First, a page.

Don’t Look at Me (Look at Me)

Don’t Look at Me (Look at Me)
Credit: Tony

Americans take their privacy very seriously, which is why so many of us give all of our personal information to Facebook, LinkedIn, and Twitter, and then complain about it. Below are some folks who really don’t—or didn’t—want to be found out about.

Marcel Proust

By 1919, Proust rarely left his soundproofed Paris apartment, complete with a bedroom encased in walls of cork to keep out noise. He worked in a sunless writing studio with the window shut as protection against the asthma that had plagued him since the age of 9. The isolation took its toll. The writer Leon-Paul Fargue recalled Proust around this time as pale, with hands that seemed frozen. "He looked like a man who no longer lives outdoors or by day, a hermit who hasn't emerged from his oak tree for a long time," Fargue wrote.

David Plouffe

Strategic and unemotional, Mr. Plouffe comports with Mr. Obama’s exacting style and natural reserve (“very, very, very, very, very, very private,” Mr. Daley said of Mr. Plouffe and Mr. Obama—six verys).

The Wachowski brothers

And then there's the filmmaking Wachowski siblings, one half of whom (Larry) now lives as a woman (Lana), and neither of whom has uttered an audible peep since well before beginning their blockbuster Matrix trilogy over a decade ago. Yet both recently, bafflingly appeared in photos tweeted by Arianna Huffington from the set of their latest film.

Emily Dickinson

Although she became known as an eccentric recluse and was called "the woman in white" (because she almost always wore a white dress) by the people in Amherst, Dickinson must have seemed more curious than terrifying. Local children enjoyed it when she lowered treats and snacks out her second-floor bedroom window inside a basket tied to a rope. Usually they would only glimpse her hands and arms, as she was careful not to show her face.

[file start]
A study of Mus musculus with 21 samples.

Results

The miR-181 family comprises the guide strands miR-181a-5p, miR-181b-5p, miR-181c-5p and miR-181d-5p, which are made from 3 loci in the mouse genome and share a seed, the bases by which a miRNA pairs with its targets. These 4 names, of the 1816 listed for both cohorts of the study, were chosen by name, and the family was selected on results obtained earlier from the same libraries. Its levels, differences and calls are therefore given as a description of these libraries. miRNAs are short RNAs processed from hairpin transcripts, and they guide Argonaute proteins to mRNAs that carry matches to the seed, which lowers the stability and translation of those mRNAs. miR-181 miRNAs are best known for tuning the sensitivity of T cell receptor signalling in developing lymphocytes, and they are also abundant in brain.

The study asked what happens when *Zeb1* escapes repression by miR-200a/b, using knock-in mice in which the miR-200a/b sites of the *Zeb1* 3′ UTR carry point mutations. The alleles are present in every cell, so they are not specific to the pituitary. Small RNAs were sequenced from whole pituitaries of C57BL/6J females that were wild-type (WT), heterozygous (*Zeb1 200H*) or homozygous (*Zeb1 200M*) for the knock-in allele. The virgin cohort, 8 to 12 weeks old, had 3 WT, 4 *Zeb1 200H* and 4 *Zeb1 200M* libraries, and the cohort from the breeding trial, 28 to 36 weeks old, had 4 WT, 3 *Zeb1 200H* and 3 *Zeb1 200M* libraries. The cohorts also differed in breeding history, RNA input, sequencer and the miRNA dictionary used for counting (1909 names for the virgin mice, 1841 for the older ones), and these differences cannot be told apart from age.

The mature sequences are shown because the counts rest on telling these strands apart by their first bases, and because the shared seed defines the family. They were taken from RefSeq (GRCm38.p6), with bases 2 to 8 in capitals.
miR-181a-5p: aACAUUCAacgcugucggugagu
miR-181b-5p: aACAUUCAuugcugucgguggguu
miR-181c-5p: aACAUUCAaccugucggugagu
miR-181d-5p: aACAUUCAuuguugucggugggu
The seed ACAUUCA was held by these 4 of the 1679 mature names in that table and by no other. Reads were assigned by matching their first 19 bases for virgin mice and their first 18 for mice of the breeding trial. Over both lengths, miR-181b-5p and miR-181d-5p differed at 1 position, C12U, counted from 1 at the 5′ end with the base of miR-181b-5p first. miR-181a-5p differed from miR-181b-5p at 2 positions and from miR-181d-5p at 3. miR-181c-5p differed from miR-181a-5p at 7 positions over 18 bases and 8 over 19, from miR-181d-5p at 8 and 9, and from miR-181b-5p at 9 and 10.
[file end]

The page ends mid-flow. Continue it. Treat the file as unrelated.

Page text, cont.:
Stanley Kubrick

[Kubrick] was also rarely photographed, so that even at the height of his career, many fans didn’t know what he looked like. This allowed Alan Conway, a con man, to go around the UK impersonating Kubrick for quite some time, gaining entrance into parties and nightclubs. The story is the subject of 2007’s Color Me Kubrick, starring John Malkovich.

J. Edgar Hoover

On May 1, 1972, Helen Gandy, Hoover’s personal secretary, handed him the first in a series of exposés by Jack Anderson, whose column appeared in the Washington Post. Previously, Anderson had enraged Hoover by assigning a reporter to rummage through his trash at home. The resulting column revealed that on Sundays, Hoover ate a hearty breakfast of poached eggs and hotcakes. It also revealed that he brushed his teeth with Ultra Brite, washed with Palmolive, and shaved with Noxzema shaving cream.